Mission & History


The Fulbright Program

The Fulbright Program was established in 1946 under legislation introduced by Senator J. William Fulbright of Arkansas, who believed the program could play an important role in building lasting world peace in the aftermath of World War II. The purpose of the program is “to enable the government of the United States to increase mutual understanding between the people of the United States and the people of other countries.” Grants are made to U.S. citizens and nationals of other countries for a variety of educational activities, primarily university teaching, advanced research, graduate studies, and non-academic professional programs in specified fields.

Participating governments and host institutions in many countries and in the United States also contribute financially through cost-sharing, as well as by indirect support such as salary supplements, tuition waivers, university housing and other benefits.

Since the establishment of the Fulbright program, over 183,000 scholars have visited the United States to conduct advanced research, study and teach in U.S. universities, and more than 111,000 U.S. scholars have traveled internationally for similar purposes. The Fulbright Program awards approximately 7,500 new grants annually. More than 155 countries participate in the program.

A Brief History of FSE

The U.S. Government established the Fulbright program in 1946 to promote international exchange and understanding in the wake of the devastation of World War II. Soon thereafter, in 1947, the first Fulbright Commission in the world was founded in Nanjing under the name, “U.S. Educational Foundation in China.” Due to the advancing civil war in China, the Foundation was soon forced to suspend activities and did not re-open until 1957, under a new name, the “U.S. Educational Foundation in the Republic of China”, located in Taipei, Taiwan.

In 1964, the United States and Taiwan signed a new agreement to make permanent the Foundation’s role as facilitator for all Fulbright programs in Taiwan. This agreement continues to serve as the Foundation’s legal charter. Subsequently, the Foundation began to diversify its sources of funding within Taiwan, first attracting support from the National Science Council, and eventually from the Ministry of Education (1980) and the Ministry of Foreign Affairs (2006). In 1979, the Foundation changed its name to “the Foundation for Scholarly Exchange” (FSE).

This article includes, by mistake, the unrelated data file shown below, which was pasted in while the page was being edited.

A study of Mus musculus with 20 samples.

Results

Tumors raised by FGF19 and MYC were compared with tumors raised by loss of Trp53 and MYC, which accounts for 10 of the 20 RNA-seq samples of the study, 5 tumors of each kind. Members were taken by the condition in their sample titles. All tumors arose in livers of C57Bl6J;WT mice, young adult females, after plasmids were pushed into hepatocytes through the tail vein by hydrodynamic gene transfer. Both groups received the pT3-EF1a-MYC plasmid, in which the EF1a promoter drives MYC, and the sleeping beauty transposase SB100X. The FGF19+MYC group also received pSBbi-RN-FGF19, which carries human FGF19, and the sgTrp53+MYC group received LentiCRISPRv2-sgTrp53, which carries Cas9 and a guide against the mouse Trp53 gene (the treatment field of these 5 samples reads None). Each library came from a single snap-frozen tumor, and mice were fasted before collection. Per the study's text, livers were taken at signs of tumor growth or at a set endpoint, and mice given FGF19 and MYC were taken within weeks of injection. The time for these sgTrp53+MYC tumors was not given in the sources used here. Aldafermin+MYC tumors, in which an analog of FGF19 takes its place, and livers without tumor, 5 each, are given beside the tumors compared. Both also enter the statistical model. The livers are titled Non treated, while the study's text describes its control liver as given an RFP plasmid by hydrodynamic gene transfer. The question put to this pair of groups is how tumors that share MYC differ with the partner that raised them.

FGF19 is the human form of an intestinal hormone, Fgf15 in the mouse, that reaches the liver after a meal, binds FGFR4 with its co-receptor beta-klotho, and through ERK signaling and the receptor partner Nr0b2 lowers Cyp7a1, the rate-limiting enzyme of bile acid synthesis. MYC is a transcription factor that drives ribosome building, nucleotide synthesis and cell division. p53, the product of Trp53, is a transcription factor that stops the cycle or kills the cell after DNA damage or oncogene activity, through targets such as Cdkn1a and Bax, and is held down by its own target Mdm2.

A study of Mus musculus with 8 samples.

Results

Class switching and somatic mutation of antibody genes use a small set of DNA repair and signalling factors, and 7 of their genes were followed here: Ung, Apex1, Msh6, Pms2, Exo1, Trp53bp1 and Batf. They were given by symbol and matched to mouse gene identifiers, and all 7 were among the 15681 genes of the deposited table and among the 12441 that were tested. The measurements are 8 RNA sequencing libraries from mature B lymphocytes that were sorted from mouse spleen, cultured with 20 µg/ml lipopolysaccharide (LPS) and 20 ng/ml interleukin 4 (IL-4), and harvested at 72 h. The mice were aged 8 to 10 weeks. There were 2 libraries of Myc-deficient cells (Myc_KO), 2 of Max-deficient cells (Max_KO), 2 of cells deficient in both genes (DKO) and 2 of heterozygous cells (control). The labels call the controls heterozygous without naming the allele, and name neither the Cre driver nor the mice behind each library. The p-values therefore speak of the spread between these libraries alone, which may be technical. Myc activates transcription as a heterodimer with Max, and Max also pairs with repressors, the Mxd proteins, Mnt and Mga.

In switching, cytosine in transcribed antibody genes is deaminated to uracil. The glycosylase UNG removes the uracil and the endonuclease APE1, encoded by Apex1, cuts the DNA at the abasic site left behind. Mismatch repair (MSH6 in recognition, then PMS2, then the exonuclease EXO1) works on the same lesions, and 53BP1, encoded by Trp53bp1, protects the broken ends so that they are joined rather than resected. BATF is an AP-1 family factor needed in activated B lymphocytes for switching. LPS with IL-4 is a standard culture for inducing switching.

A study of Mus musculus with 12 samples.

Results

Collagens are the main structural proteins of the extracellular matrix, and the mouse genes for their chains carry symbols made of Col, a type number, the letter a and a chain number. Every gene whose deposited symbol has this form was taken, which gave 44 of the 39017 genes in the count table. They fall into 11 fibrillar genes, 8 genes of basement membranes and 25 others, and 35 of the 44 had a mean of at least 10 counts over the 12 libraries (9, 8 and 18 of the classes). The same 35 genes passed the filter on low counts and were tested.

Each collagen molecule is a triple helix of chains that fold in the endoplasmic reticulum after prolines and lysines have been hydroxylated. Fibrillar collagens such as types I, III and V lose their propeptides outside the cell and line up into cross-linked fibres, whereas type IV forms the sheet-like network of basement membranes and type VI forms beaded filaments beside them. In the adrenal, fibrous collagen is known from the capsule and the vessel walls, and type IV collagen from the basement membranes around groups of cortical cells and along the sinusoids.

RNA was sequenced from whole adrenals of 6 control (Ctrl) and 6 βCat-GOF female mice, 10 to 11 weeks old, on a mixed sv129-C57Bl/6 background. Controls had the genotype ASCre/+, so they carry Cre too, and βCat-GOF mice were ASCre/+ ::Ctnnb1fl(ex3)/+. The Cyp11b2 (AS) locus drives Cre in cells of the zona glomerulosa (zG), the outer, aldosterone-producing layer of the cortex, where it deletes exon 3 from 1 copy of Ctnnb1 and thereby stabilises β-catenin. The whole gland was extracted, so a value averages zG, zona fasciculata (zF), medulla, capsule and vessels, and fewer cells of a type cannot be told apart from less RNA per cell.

During its first fifty years, the Foundation evolved from an early focus on science and technology in the 1960s, to an emphasis on social sciences and humanities in the 1970s and ‘80s, to expanding opportunities for arts and cultural exchange from the 1990s. Fulbright study, research and teaching grants have remained the cornerstone of the program. FSE has also administered several exchange programs for mid-career professionals, including the Hubert H, Humphrey Fellowships (1984-1994); the Elizabeth Luce Moore Leadership Program for Chinese Women (1995-2001); and the East-West Center exchange program in Hawaii (1969-2008).

Grants for English teaching in Taiwan were introduced in 1995, and in 2003 expanded to Yilan County in response to the local government’s request to start a Fulbright English Teaching Assistantship program. While nine Americans participated in the program during its first year, funding has since expanded to support 16 teachers and one full-time Teaching English as a Second Language (TESL) professor. A similar program, with 12 Americans participating, was established in Kaohsiung City in the 2008-09 academic year.

Since 1958, the Foundation has sent over 1,600 Taiwan Fulbright grantees to the U.S., and more than 1,600 U.S. Fulbright grantees have come to Taiwan. Today, Taiwan’s Fulbright program continues to attract a diverse mix of academics, professionals, artists, performers and writers interested in increasing their knowledge of the United States and Taiwan while exploring new avenues for professional development.